Kim Zolzciak has been taken to task about being racist since The Real Housewives Of Atlanta started 5 years ago. Is she racist, or is she bi-product of 1 white woman being thrust amongst a cast of 5 other black women? Last night on pt.2 of the RHOA reunion, Nene Leakes opened up the color door again by semi accusing Kim of being racist. Nene later cleaned up her remarks by saying if kim was not racist that she was ignorant. Again feeling the pressure of being the minority, Kim replied by letting the world know she does not see color.
My favorite socially conscious blogger and friend of the site @Anti_Intellect of the Anti Intellect Blog says not seeing color is not the same as not being anti racist. Check out what all he had to say.
The thoughts and opinions expressed in this post solely belong to Anti intellect – FUNKY DINEVA DID NOT WRITE THIS
Anti intellect writes:
Note to Kim Zolciak: claiming that you do not see color is not the same as being anti-racist.
On last night’s episode of the Real Housewives of Atlanta reunion special, Kim Zolciak made her triumphant return to the show. As you may recall, Kim stormed off the show earlier in the season after being confronted by the other women on the show for failing to commit to a pre-planned group trip. Kim’s return to the show was met with tension from some of the other women on the cast who felt that her commitment to the show had been lacking during the season. As the only majority Black, minority White, show in the Housewives franchise, race and racism have always loomed over the production. The subject of race was addressed last night after host Andy Cohen asked whether Kim’s comments about fellow cast member Kandi Burress’ home and neighborhood were racist. (Earlier in the season Kim acted as if she were in grave danger after her “assistant” Sweetie warned her that Kandi’s new home was in an unsafe neighborhood.)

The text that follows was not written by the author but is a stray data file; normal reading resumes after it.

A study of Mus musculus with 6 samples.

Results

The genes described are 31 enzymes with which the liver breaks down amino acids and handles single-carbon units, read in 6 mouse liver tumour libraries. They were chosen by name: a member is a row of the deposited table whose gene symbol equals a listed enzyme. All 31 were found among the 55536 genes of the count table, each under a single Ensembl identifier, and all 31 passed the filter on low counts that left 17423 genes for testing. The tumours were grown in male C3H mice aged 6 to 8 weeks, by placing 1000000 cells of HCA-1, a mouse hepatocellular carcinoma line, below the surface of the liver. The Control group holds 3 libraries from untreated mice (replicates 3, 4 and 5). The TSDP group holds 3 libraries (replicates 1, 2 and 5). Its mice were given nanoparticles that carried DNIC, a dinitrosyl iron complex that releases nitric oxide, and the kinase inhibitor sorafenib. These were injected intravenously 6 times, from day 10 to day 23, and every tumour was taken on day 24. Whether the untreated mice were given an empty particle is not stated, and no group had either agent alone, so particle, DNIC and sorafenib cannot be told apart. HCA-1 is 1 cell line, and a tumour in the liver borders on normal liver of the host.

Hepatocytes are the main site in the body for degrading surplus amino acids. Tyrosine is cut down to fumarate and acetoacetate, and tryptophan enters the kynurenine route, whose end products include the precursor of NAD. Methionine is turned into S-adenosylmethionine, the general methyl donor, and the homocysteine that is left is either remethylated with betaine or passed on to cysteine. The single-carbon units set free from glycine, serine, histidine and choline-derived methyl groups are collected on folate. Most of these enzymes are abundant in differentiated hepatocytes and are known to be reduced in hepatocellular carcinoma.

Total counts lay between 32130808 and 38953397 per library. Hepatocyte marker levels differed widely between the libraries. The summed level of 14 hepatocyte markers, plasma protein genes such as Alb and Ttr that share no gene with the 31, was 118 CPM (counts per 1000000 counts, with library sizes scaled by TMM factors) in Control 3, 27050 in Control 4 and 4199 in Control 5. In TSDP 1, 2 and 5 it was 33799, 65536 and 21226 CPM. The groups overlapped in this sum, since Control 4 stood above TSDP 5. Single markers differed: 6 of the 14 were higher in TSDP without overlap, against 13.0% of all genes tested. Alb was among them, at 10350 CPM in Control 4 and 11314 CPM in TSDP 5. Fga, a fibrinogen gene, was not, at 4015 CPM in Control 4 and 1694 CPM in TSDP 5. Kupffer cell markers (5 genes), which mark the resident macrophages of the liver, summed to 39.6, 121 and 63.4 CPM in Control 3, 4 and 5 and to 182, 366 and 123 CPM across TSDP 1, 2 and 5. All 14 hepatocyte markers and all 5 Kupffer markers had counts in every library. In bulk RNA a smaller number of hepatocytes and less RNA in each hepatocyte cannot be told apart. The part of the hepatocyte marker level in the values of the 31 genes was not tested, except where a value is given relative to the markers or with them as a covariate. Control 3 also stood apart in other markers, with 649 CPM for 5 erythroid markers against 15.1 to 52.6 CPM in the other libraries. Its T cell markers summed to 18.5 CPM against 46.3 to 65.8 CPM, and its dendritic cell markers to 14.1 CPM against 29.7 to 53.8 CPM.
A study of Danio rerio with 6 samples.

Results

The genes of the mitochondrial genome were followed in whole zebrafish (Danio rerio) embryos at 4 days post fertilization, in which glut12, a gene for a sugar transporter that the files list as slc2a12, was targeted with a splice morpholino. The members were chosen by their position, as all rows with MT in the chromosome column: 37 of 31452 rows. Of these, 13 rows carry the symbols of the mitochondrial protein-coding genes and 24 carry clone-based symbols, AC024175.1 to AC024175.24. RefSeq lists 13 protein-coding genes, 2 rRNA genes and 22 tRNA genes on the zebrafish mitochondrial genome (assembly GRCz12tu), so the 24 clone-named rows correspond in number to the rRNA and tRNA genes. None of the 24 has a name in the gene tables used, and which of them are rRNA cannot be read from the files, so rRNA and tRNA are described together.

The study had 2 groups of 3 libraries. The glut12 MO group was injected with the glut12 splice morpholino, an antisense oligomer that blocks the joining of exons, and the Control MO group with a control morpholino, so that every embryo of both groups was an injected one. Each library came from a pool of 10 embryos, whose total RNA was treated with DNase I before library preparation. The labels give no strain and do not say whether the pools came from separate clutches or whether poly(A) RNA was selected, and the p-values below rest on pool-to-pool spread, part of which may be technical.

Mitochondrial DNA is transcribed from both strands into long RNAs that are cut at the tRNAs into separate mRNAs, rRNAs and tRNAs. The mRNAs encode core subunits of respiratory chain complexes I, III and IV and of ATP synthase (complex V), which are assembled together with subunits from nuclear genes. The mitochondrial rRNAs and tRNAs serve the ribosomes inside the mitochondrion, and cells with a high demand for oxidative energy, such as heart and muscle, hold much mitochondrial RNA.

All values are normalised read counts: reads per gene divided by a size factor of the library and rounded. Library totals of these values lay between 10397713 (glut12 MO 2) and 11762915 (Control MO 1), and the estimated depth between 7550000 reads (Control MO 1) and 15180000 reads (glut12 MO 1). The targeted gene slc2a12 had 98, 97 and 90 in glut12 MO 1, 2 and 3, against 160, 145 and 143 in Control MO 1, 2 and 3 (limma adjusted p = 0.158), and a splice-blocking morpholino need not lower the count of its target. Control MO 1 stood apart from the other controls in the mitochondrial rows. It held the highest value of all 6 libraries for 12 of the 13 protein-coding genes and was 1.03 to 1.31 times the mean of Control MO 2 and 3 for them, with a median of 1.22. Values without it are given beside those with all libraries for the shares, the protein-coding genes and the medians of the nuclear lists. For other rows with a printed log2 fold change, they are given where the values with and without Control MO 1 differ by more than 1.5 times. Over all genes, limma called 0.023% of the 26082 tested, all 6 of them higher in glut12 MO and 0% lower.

When asked whether she was racist, Kim essentially stated that she felt her comments were always amplified because of the fact that she is the only White woman on the show. She went on to insinuate that she is not racist because she “does not see color”. And it’s this statement that I want to key in on. As I stated earlier, claiming that you do not see color is not the same as being anti-racist. In fact, I would argue that claiming that you do not see color does nothing to quiet concerns that you are, in fact, racist. There is a tendency for non-Black people in our society to believe that they are doing everyone–particularly Blacks–a favor by claiming that they do not see color. I can only assume that the statement makes non-Black people feel good, because it does nothing for me as a Black person. I don’t need people to not see the color of my skin. What I need is for people to not judge me based on the color of my skin.
Most people in our society–Kim Zolciak included–see color. We live in a society where people of different skin colors interact with each other on a daily basis. We also live in a society where people are consciously and subconsciously racist. Respecting our differences in skin color, and not being racist, should not have to come through our pretending that we do not come in a variety of skin colors. The idea that racism will disappear simply because everyone claims that they do not see race is a fantasy belief. On the contrary, I think that racism is heightened when people pretend that there aren’t racial differences. The key to ending racism is not claiming that we do not see color, but rather working to make sure that our differences don’t become barriers to us respecting and valuing each other as human beings.
I would have been far more reassured of Kim’s anti-racism had she simply stated that she is not a racist person. I do not need her–or any other White person for that matter–to pretend that they do not see color. Unless you are colorblind, you see color. To imply otherwise is to come off as ignorant and cliche rather than anti-racist. As the late and great Audre Lorde once said, “It is not our differences that divide us. It is our inability to recognize, accept, and celebrate those differences.”
Kim needs to recognize that differences do exist, and claiming that she does not see color is not going to change that.